Understanding the Data - Forex Indicators

Know the Data That Affects the Market

The Key to Fundamental Forex Trading

Understanding the significance and the meaning of the economic data can help you make smarter and more profitable trades. Below are some of the primary pieces of data that successful Forex traders follow.

What are the Key Indicators?

Forex Traders can gauge the financial health of a given country (and its currency) through its economic data. But, just like a doctor monitoring a patient's vital signs, the information is not equal in terms of its impact. Here is a short description of the key economic indicators that often affect currency trads.

Economic indicators divide into leading and lagging indicators:

  • Leading indicators are economic factors that change before the economy starts to follow a particular trend. They're used to predict changes in the economy.
  • Lagging indicators are economic factors that change after the economy has already begun to follow a particular trend. They're used to confirm changes in the economy.

Major Economic Indicators

  • Gross Domestic Product (GDP)

    The sum of all goods and services produced either by domestic or foreign companies. GDP indicates the pace at which a country's economy is growing (or shrinking) and is considered the broadest indicator of economic output and growth.

  • Industrial Production

    A chain-weighted measure of the change in the production of the nation's factories, mines and utilities, industrial production also measures the country's industrial capacity and how fully it's being used (capacity utilization).

    The manufacturing sector accounts for one-quarter of the major currencies' economies, so it's critical to watch the health of factories and whether their capacity is being maximized.

Prime Data

  • Purchasing Managers Index (PMI)

    The National Association of Purchasing Managers (NAPM), now called the Institute for Supply Management, releases a monthly composite index of national manufacturing conditions. The index includes data on new orders, production, supplier delivery times, backlogs, inventories, prices, and employment, export and import orders. It is divided into manufacturing and non-manufacturing sub-indices.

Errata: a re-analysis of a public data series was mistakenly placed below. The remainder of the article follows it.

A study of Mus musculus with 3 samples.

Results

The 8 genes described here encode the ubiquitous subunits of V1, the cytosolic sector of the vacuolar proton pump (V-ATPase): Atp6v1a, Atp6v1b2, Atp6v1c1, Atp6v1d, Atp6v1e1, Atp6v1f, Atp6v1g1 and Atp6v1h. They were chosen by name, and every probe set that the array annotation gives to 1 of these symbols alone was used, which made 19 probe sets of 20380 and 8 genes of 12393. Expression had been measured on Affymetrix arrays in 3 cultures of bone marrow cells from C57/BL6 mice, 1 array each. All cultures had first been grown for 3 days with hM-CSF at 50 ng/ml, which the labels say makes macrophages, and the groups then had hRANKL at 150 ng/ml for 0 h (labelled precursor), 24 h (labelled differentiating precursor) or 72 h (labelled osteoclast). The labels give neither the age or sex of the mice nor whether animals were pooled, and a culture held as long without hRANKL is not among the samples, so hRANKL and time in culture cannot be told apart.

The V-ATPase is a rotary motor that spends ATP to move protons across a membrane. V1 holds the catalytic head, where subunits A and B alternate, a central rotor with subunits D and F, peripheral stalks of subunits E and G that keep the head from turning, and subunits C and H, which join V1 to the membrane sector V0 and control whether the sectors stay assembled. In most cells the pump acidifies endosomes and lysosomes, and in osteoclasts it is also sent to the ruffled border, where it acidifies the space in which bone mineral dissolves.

• Producer Price Index (PPI)

    Measures average changes in selling prices received by domestic producers in the manufacturing, mining, agriculture, and electric utility industries.

    The PPIs most often used for economic analysis are those for finished goods, intermediate goods, and crude goods.

  • Consumer Price Index (CPI)

    Measures the average price level paid by urban consumers (80% of the population in major currency countries) for a fixed basket of goods and services. It reports price changes in over 200 categories.

    The CPI also includes various user fees and taxes directly associated with the prices of specific goods and services.

  • Durable Goods

    Durable Goods Orders measures new orders placed with domestic manufacturers for immediate and future delivery of factory hard goods. Durable goods are a product that lasts over three years, during which its services are extended.

    Companies and consumers sometimes put off purchases of durable goods during tough economic times - so this figure is a useful measure of certain kinds of customer demand.

  • Employment Cost Index (ECI)

    Payroll employment is a measure of the number of jobs at larger companies in more than 500 industries in all 50 U.S. states and 255 metropolitan areas. ECI counts the number of paid employees working part-time or full-time in the nation's business and government establishments.

Secondary Data

  • Retail Sales

    Measures total receipts of retail stores from samples representing all sizes and kinds of business in retail trade throughout the nation. It is the timeliest indicator of broad consumer spending patterns and is adjusted for normal seasonal variation, holidays, and trading-day differences.

    Retail sales include durable and nondurable merchandise sold, and services and excise taxes incidental to the sale of merchandise. It doesn't include sales taxes collected directly from the customer.

  • Housing Starts

    Measures the number of residential units on which construction is begun each month. A "start" refers to excavation of the foundation of a residential home.

    Housing is usually one of the first sectors to react to interest rate changes. Significant reaction of start/permits to changing interest rates signals interest rates are nearing trough or peak. To analyze, focus on the percentage change in levels from the previous month. Report is released around the middle of the following month.